Candle making is a rewarding craft anytime of the year, but especially during the colder months. When the days are shorter, candlemaking is the perfect way to spend an evening at home. Create personalized, aromatic, slowburning candles one at a time in special containers or in batches to give as thoughtful gifts. Below are the supplies and steps needed to create handmade candles.



Choose a wax type based on your preferences. Popular options include paraffin, soy, beeswax, and gel.

Paraffin is the least expensive option and holds fragrance well. A couple of things to consider, however, is that paraffin is a fast burning wax and not the best option for the environment or for your lungs.

Beeswax is a beautiful slowburning wax and a great choice for a special project or when you don't want to add fragrance to your wax as it naturally has a subtle fragrance of it's own. It can be expensive though so it may not be an ideal choice for making large batches. The candle will last a long time as it will take longer to burn than any other wax so you may decide that it is worth the extra cost.

Gel melts are another more costly but slowburning option. If you want colored candles, this may be the right choice for you as the melts come in a variety of colors. Keep in mind that colored dyes can be added to any type of wax.

Soy wax is my favorite wax to work with, Soybeads are easy to measure, melt quickly and store well. Soy is clean, slow burning, easy to find and less expensive then beeswax or gel.


Select a wick that matches the size of your container or mold. Wicks come in different lengths so consider the depths of the containers that you will be using before purchasing wicks. Pre-tabbed wicks with sustainers are convenient for beginners. I like to use a bit of hot glue to secure it to the bottom of the candle container. You may want to add multiple wicks if your container is large. Check the packaging to be sure the wicks are prewaxed. This will make them a bit stiff and easier to manage as you pour the wax.


Add Essential Oils, Fragrance Oils or Natural ingredients such as orange peel, pine and lavender to your candles. While I love the look of the natural elements mixed into candles, the fragrance is very slight. Essential oils can be expensive and you will need to use quite a bit ( about 1/2 bottle for a medium sized candle) to get results. If you really like a fragrant candle, your best bet is to purchase fragrance oils meant for soaps, lotions and candles.

Double Boiler or Two Pots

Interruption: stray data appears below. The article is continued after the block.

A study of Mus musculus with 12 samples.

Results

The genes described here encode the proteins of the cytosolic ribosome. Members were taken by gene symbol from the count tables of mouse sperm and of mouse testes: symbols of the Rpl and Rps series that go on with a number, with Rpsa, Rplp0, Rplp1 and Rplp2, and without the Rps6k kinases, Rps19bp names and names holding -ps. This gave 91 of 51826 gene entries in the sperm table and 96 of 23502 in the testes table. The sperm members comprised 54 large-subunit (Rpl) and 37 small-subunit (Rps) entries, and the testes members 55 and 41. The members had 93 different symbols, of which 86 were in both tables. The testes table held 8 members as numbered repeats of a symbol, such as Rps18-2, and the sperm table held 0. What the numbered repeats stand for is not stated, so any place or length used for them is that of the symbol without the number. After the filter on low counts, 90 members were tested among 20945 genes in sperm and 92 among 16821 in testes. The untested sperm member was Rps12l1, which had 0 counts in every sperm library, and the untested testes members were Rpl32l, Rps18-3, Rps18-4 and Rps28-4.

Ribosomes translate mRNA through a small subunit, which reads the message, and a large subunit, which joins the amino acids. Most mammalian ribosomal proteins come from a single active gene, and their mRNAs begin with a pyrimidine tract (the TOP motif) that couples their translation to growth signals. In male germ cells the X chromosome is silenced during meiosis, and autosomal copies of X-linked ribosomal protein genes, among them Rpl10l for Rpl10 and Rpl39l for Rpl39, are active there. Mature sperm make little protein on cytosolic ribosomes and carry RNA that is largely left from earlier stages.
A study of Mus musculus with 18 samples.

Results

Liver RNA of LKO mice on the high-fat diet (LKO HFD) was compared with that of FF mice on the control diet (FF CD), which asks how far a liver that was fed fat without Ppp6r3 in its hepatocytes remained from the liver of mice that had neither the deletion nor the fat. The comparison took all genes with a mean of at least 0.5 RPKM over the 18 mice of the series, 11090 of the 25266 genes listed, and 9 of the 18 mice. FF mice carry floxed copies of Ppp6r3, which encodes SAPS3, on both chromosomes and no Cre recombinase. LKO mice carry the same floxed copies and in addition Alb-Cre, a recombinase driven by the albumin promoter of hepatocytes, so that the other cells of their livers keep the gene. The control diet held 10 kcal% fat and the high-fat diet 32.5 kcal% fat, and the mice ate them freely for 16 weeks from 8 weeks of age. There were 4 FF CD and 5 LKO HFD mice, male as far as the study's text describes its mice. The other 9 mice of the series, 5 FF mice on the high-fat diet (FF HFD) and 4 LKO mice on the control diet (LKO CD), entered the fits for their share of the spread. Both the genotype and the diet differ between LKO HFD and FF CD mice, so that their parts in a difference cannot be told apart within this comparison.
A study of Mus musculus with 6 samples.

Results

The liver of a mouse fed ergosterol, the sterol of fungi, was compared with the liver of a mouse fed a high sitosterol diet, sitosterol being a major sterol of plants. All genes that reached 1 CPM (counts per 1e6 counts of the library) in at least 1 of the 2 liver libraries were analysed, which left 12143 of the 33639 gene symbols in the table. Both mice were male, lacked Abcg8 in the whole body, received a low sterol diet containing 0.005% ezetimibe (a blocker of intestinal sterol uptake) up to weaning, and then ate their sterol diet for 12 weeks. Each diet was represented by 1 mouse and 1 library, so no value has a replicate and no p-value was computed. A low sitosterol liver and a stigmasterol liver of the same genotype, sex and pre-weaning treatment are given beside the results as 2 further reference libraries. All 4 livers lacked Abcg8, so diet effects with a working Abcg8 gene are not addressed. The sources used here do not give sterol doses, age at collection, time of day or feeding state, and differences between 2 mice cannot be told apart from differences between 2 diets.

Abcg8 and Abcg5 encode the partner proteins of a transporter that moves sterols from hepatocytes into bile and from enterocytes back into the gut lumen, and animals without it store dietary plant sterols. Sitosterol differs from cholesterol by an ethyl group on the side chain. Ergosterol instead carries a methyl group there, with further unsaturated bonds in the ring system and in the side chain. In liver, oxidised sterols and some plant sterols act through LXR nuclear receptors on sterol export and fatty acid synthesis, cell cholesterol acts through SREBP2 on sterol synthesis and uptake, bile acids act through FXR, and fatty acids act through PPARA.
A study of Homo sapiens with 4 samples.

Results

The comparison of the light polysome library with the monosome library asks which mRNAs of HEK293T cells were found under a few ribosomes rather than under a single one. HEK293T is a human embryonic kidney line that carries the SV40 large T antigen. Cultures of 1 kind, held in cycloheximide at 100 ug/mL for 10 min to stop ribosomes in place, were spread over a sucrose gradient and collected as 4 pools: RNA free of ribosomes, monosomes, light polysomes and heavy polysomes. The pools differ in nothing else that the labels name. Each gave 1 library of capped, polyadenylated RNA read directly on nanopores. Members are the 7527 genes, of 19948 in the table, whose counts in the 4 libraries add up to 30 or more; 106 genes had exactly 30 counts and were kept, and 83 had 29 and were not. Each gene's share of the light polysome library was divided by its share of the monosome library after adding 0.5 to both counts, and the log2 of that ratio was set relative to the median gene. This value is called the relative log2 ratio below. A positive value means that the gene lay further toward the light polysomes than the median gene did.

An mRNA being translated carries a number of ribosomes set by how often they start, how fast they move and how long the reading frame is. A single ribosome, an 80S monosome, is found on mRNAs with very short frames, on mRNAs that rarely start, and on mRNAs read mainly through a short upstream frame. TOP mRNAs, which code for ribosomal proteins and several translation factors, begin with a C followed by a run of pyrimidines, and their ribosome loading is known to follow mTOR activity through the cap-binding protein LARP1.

Candy Thermometer

It is critical that the wax does not get too hot but it also must be hot enough

for a proper pour.

Stirring Utensil

A simple stir stick or spoon will suffice.

Container or Mold

This is truly unlimited. The most obvious choice is a glass jar, repursed or new, There are many more options, however. Look around your home. What kinds of empty vessels do you have that could be to used? A beautiful piece of pottery (even something unique made by a child in art class) a wooden bowl, a vase, an old tin, anything that can handle the heat of the wax and is leakproof. I highly recommend filling any containers that you might want to use with water just to be sure that there are no small holes or cracks.

Wick Holder

Chopsticks, pencils or popsicles work well to keep the wick centered during pouring. Just wrap the wick around the holder and balance the holder on the container until the wax is set.



Start by covering your work surface to protect it from wax spills which can be difficult to remove. Parchment or wax paper works well. If you think that you will want to move your candles before they have set, use trays to hold the containers.

Secure the Wicks

Secure the wick at the bottom of the container or mold using a small amount of glue from a hot glue gun. If you do not have a glue gun, you can wait until you have some melted wax and use that. Wrap the excess around a wick holder to keep the wick stay centered.

Measuring the Wax

You will melt the wax by using a double boiler or two pots. Start by boiling the water in the bottom pot. Once it has boiled, turn the temperature down low. Place the thermometer in the top pot and add the wax. There are formulas and charts available online that are designed to help you figure out percisely how much wax you will need to melt based on the size of your container. I don't use them, however. I prefer to tweak as I go. The most important thing to know is that it takes more wax to equal the same amount of weight in water. Wax weighs 20% less than water. With this in mind, I add about 20% more soybeads to my melting pot than the size of my containers. If you begin to run out of wax as you pour, simply stop and add more beads to your melted wax. This is another reason that I enjoy using soybeads. You can just drop more in the hotwax and they will melt quickly.

Do not leave your melting wax unattended Heat the wax to 180°F - 185°F while stirring. The wax will become clear. Turn off the heat and allow the wax to cool to 160°F. Add the fragrance. If you like the fragrance strength of store bought candles, I recommend doubling the number of drops suggested on the fragrance bottle.

Carefully pour the melted wax into the prepared container or mold. Leave some space at the top.

Allow the candle to cool and harden completely. Trim the wick to about half an inch above the surface of the wax.

Experiment with different scents, colors, and container styles to create unique candles that reflect your personal style. You may find that you love using a certain type of wax, fragrance or container. Maybe you will add dried herbs, flowers or fruit to your candles. Experiment and have fun!